Jan. 5, 2015 (Bloomberg) -- When is insider trading against the law? It's a trick question: There is no actual law against insider trading.
This became painfully clear last month when a federal appeals court tossed out the criminal convictions of two Wall Street hedge-fund managers who had been found guilty of the offense about two years ago. The court not only exonerated the traders, but also called into question the entire body of law that has resulted in scores of such convictions over the last several years.
It may sound simplistic to respond to this state of affairs with the pat observation that there oughta be a law. But the best way to clear away the confusion and mistrust this decision has created is through legislation. Ideally, Congress would pass a law that defines and bans insider trading. More realistically, the Securities and Exchange Commission could clarify its rules on the subject.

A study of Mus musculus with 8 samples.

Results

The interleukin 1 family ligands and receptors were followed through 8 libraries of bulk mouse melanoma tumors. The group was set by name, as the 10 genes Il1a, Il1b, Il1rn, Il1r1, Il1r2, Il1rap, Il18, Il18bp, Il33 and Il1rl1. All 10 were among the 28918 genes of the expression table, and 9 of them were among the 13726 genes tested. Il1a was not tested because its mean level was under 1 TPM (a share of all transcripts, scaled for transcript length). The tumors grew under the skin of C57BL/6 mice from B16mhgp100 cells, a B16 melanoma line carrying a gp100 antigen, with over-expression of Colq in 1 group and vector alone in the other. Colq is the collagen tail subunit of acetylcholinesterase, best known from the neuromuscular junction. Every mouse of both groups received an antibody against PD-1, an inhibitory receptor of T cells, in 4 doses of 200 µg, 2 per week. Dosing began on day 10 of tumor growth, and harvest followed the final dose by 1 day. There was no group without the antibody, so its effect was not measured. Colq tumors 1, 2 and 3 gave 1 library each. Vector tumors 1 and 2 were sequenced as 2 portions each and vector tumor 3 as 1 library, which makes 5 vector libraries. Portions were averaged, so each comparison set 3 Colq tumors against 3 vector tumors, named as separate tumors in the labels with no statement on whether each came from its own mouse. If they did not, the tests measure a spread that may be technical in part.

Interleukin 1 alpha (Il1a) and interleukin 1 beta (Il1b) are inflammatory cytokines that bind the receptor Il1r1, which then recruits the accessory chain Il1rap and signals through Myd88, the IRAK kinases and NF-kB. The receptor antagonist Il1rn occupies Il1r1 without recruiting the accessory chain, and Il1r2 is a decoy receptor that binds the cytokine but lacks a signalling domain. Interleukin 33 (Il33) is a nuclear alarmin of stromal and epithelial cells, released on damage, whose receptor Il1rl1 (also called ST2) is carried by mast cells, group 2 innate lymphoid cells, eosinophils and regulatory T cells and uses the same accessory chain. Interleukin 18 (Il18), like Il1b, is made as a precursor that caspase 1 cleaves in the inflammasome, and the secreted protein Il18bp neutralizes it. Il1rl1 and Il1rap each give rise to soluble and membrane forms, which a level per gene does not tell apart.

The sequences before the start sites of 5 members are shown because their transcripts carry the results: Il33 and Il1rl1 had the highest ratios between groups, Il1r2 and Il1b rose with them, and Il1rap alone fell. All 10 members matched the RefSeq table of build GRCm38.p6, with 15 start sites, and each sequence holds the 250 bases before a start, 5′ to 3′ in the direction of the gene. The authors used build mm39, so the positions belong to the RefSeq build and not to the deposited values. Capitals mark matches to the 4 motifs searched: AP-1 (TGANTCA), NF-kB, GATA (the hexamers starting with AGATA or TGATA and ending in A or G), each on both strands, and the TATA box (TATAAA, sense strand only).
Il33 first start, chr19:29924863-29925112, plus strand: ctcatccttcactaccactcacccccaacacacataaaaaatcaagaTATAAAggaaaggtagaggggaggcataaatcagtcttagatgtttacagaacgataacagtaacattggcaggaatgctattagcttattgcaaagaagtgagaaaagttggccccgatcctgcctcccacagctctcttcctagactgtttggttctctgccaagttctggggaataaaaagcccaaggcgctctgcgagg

The SEC issued rules long ago to prohibit trading on the basis of material nonpublic information revealed in violation of a fiduciary duty. Its authority is based on one provision in the Securities Exchange Act of 1934, which broadly bans frauds on the market.
This leaves plenty of wiggle room, and for decades, prosecutors have had to make do with common law. In 1983, the Supreme Court added a level of complexity by ruling that people receiving stock tips (tippees) must know that their sources (tippers) disclosed information in exchange for something of value -- money, a job, a promotion.